In the month of October, the rhythms are well established, small groups are engaged in fellowship and study, mission outreach is connecting with the wider community, the high holy seasons are just about to appear on the horizon but not yet consuming the work of the church, and everything is running smoothly. Well, okay. But even if not, why would anyone want to take a risk on a four-week series on Job, for heaven’s sake?
The book of Job is usually placed among the wisdom literature of the Bible, and that is probably where it best fits. Yet, it is not at all like Proverbs with its aphoristic approach to advice and suggestion. It is not like the Psalms or Song of Songs with their poetic praise and petition and passion, though you can find some of the most soaring poetry of the Bible in the pages of this book. So, what is it? Job starts like a fairy tale but reads like a documentary. Did this all really happen? Does it matter? What’s going on here in this odd, somewhat tedious, kinda confusing book? And why, we ask again, would anyone want a worship series on this book?
Well, you’ll have to look elsewhere for a complete answer to that question. But it is our contention that the book of Job deals with some profoundly difficult questions in the life of faith, and it does so without easy answers or simplistic cliches. In fact, Job takes on those cliches with some painful truths about life in the real world. Let’s be honest: Job isn’t really for those for whom everything is great, and all their choices come up smelling like roses. It is a book for those who have questions, those who are struggling or suffering, or feeling like there is no one listening, no one out there at all. If this is you, or anyone you know, then the book of Job is the place for you.
The human condition seems rife with difficulty from birth to death. We are, as “Comforter” Eliphaz declares in a rare moment of clarity, born to trouble as the sparks fly upward (Job 5:7). What word can we bring to those who know the depth of this experience? Join us for our worship series “Born to Trouble.”
Care needs to be taken as we launch into this series. If ever there was a time where the worship team needs to take the congregation by the hand and walk them through the expectations of worship, it is in this series. Some time at the beginning of the service, during announcements if those are done, perhaps, or as part of a call to worship, some outlining of the scope of the series as you see it would be helpful. Invite prayers for the whole church as you wrestle with difficult issues and prayers for those who may be suffering grief or illness, and certainly invite prayers for those who feel abandoned by God.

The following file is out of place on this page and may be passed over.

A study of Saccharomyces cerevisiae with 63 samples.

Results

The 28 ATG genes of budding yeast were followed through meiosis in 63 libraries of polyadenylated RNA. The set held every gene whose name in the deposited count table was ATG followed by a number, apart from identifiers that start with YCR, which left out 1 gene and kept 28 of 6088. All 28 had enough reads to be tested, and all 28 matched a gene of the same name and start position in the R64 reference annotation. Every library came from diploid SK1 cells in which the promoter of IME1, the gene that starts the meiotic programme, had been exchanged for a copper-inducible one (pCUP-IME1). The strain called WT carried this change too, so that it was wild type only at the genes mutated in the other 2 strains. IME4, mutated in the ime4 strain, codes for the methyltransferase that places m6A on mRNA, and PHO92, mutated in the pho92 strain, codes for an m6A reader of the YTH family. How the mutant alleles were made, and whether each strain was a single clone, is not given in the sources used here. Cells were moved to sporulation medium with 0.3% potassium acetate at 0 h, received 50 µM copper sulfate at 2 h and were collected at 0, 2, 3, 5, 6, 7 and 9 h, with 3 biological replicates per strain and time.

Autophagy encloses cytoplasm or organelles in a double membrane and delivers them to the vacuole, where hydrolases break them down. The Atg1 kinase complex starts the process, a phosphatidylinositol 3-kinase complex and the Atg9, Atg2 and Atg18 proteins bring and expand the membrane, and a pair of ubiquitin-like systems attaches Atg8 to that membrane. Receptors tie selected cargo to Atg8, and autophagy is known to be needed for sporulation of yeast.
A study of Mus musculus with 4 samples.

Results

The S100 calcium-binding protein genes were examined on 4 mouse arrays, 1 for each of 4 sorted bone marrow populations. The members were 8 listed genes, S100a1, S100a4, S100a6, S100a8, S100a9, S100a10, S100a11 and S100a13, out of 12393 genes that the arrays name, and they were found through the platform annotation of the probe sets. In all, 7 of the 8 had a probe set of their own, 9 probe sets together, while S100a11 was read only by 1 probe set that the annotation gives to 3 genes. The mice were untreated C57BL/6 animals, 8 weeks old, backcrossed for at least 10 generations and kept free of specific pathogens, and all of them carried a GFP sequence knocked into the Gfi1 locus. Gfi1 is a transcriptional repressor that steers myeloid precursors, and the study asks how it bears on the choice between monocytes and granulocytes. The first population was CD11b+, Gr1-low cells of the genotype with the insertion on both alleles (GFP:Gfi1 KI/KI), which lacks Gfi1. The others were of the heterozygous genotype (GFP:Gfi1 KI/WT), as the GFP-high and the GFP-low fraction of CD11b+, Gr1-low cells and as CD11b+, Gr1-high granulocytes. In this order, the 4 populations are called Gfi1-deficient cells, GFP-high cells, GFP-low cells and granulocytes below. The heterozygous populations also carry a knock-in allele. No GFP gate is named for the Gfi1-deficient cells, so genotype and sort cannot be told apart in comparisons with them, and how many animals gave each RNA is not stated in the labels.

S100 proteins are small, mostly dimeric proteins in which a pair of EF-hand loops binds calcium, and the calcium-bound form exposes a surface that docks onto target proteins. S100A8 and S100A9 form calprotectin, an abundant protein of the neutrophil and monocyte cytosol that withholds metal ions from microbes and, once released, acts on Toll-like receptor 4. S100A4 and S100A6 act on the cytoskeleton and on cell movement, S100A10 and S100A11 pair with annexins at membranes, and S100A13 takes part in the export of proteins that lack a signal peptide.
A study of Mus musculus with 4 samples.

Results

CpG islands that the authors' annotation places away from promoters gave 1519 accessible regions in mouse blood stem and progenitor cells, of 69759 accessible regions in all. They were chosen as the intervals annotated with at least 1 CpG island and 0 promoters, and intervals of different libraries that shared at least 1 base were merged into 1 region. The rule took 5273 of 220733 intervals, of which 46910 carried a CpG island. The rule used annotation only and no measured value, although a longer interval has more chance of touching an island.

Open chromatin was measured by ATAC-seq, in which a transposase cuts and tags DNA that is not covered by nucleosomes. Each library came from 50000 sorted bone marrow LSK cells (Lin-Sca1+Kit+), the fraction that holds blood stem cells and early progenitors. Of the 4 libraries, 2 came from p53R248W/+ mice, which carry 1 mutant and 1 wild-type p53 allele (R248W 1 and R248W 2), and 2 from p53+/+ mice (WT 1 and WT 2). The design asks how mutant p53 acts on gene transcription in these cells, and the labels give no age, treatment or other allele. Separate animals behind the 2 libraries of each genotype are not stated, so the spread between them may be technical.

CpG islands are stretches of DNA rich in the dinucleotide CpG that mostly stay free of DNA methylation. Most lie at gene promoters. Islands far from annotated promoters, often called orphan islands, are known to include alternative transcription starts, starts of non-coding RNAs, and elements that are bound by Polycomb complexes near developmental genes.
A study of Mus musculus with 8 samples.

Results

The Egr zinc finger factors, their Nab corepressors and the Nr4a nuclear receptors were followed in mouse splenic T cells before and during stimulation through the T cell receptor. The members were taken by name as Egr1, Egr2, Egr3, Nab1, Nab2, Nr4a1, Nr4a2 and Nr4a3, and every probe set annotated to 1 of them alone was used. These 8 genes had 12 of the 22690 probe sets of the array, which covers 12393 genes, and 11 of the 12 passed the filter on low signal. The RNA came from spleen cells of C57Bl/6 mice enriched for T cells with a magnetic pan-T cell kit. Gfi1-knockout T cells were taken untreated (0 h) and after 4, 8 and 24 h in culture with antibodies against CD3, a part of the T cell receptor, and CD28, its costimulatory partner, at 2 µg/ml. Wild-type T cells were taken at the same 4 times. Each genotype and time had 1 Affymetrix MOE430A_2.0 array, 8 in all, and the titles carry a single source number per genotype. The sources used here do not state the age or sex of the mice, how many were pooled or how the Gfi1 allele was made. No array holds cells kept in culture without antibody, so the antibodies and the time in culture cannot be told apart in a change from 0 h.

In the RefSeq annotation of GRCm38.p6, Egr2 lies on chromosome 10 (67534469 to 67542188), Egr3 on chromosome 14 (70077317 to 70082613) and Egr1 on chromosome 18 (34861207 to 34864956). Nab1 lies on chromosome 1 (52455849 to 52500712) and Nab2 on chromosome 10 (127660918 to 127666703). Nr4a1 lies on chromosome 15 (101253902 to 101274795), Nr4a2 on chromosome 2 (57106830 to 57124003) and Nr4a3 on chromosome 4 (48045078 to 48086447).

This need not mean, however, that there is no place for praise or no room for joy in these weeks. Far from it. The call to be the church who gives glory to God’s name persists. Let hands be raised; let smiles be seen. Clap and dance and celebrate the gift of salvation every day of our lives, even as we acknowledge that suffering is real; and in many ways, we are a people born to trouble.
Space for responses to this word must be provided from the very beginning. Perhaps assign caring listeners who can spend time after, or even during the worship time for those who are struck by these themes. Here is a role for Stephen Ministers if they are available in your church. We need those who can listen well and not attempt to “fix” everything but merely be a supportive presence in the struggle.
Corporate times of prayer and contemplation, of cleansing and anointing, might be appropriate each week or at the beginning and end of the series. Time at the Communion rail can be given. If you are celebrating the sacrament of Holy Communion on this first Sunday of the month, then attention to the prayers of confession and absolution is always appropriate.
Also give attention to suffering beyond the personal as we worship together. How can we acknowledge the pain of the world in which we live? In our own neighborhoods? In our chosen mission fields? Around the world? What responses can we give to the suffering of the world around us? How can we be a caring presence beyond our own community of faith? How can we stand in solidarity with those who suffer because of their race or religion or ethnicity? What witness can we give to the world that God is a loving presence and not an uninvolved and ineffable entity?
We must also take care to ensure that our message is not that this world is terrible, and our job is to get through it to some heaven someday somewhere. On the contrary, this world is alive with the presence of God; the kin-dom breaks through with surprising glory at times. But there is also suffering and pain, and we must be honest about that. Any of us, all of us, will most likely encounter that truth at some point in our lives, if we haven’t already. We are gathering to worship as a people who are in this world and called to love the world as did the one who sent the Christ so that whosoever believes in him might have eternal life.
Rev. Dr. Derek Weber, Director of Preaching Ministries, served churches in Indiana and Arkansas and the British Methodist Church. His PhD is from University of Edinburgh in preaching and media. He has taught preaching in seminary and conference settings for more than 20 years.